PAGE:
Saturday, May 25, 2013

it’s chemical

Goodness knows I’m not practical. 

If I were I’d find another job that paid more money and I’d eventually grow up.

I’d also stop staring off into space pondering this and that. But, I think, taking time to ponder things is a lost art. We just need to slow down, take a deep breath and ponder a bit. We're much too busy scurrying about like lemmings and, you know, I get the sense there's a cliff up ahead.

Precisely because our human world makes little sense, I’m in awe of the natural world because it does. Nature is remarkably practical. You ask a simple question and you get a simple answer.

An aside: A naturalist is someone who believes in the doctrine that the world can be understood in scientific terms or someone knowledgeable about natural history, especially botany and zoology. (A naturist is a person who practices nudity because they think it is healthy and a naturist naturalist is someone that ponders the world naked. But don't they get cold? And what about poison ivy?)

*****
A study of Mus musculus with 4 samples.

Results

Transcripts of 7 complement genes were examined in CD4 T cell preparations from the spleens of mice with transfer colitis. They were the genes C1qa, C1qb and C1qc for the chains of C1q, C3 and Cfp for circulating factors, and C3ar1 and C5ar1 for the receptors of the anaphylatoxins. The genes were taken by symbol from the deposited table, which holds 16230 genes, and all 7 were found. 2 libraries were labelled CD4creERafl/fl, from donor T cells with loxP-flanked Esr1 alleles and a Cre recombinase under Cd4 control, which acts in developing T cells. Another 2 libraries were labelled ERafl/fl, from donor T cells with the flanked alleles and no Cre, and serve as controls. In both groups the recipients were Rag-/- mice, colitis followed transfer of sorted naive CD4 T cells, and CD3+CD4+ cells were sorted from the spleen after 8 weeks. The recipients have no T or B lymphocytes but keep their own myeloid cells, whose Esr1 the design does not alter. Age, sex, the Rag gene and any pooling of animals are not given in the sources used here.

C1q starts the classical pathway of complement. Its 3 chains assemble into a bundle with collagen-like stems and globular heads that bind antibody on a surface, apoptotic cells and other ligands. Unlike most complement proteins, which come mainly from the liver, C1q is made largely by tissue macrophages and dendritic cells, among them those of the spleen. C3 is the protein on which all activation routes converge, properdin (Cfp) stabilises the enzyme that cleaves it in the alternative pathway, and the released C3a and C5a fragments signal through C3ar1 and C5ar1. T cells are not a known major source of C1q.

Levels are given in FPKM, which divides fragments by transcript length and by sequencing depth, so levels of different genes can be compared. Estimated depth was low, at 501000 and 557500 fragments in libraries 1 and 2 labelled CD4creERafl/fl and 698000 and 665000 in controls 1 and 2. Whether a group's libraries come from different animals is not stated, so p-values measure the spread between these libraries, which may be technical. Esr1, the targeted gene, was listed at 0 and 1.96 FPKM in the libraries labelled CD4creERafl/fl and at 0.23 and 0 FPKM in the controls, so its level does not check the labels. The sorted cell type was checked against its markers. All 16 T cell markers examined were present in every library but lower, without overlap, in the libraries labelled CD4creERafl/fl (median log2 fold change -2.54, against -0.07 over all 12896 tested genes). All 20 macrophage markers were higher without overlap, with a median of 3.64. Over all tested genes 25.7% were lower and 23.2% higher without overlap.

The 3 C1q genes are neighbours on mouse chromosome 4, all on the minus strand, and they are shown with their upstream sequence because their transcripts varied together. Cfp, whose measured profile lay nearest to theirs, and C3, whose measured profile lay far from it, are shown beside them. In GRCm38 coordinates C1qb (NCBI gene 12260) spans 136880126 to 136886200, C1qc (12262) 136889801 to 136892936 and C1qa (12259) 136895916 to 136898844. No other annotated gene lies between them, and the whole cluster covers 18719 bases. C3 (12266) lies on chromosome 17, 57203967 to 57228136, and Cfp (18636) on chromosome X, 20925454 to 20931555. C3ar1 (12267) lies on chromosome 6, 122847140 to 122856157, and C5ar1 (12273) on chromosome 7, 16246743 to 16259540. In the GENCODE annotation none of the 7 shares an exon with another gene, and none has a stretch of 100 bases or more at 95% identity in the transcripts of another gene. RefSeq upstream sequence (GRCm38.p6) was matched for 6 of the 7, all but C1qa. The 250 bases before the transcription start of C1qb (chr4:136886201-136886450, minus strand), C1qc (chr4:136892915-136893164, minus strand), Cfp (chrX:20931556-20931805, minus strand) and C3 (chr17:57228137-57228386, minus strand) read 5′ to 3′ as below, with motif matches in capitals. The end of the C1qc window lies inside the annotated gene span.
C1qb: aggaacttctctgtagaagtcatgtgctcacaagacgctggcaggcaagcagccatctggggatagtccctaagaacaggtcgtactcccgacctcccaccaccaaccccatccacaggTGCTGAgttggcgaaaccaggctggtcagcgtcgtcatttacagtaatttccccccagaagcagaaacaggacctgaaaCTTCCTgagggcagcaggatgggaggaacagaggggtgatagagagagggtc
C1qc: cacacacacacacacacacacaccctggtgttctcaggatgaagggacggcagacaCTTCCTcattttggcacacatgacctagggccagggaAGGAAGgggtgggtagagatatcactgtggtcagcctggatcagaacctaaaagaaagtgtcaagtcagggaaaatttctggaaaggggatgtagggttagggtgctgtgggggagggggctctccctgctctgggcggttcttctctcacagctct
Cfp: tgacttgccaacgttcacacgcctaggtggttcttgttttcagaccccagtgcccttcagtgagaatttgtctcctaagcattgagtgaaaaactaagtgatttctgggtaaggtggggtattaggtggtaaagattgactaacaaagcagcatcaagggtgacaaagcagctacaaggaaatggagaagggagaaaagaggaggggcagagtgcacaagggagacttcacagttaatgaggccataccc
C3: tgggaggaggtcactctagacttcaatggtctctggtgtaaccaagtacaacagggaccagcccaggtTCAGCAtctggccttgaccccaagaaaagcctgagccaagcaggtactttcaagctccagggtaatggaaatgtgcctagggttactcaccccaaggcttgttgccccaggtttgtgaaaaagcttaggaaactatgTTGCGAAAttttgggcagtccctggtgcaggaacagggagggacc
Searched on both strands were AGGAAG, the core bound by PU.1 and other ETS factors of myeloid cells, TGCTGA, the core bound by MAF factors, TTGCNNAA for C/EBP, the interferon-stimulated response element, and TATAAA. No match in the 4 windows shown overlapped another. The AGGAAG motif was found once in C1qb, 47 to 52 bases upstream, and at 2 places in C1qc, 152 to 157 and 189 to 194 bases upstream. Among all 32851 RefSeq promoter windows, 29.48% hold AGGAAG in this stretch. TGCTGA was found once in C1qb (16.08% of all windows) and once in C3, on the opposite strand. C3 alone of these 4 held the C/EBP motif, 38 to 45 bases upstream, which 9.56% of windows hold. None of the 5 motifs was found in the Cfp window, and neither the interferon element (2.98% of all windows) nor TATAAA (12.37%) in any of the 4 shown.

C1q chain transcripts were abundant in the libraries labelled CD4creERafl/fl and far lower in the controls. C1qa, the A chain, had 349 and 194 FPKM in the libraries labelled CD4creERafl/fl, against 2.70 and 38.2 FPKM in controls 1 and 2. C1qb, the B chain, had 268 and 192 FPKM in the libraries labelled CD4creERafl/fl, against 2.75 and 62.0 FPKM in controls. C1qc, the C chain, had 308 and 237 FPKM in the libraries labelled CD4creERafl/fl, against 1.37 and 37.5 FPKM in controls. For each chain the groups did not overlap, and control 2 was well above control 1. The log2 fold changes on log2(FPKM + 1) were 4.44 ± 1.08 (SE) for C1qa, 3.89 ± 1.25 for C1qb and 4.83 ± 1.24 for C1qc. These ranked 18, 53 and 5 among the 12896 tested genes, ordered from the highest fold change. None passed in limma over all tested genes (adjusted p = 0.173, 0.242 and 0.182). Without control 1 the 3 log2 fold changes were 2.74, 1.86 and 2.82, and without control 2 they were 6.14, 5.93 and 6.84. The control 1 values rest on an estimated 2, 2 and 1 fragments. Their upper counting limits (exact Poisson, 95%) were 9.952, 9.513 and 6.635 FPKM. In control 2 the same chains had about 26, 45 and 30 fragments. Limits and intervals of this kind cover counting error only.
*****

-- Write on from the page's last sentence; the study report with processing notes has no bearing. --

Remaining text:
Three days ago I wondered why new leaves are a lighter, chartreuse green. (Thousands of people seem to be wondering why Lindsay Lohan can’t hold it together, and me, I’m pondering leaf color. Go figure.)

It turns out new leaf green is chemical. With plants, most things are. At first, leaves are yellow-green because they're filled with chlorophyll a, which is a lighter pigment and reflects more light. Later in the season these leaves create darker chlorophyll b. Darker colors absorb more light. When the canopy of leaves is finally complete, many of the little carbohydrate-making factories find themselves in the shade of other leaves, so they have to produce more chlorophyll b to turn darker, so that they can absorb more light to aid in photosynthesis.

On the same tree, the leaves in full sun at the top of the tree are lighter than the leaves in the shade at the bottom.

Now, I may have to climb a few trees to check this out but let's hear it for chlorophyll a! Lovely, chartreuse chlorophyll a.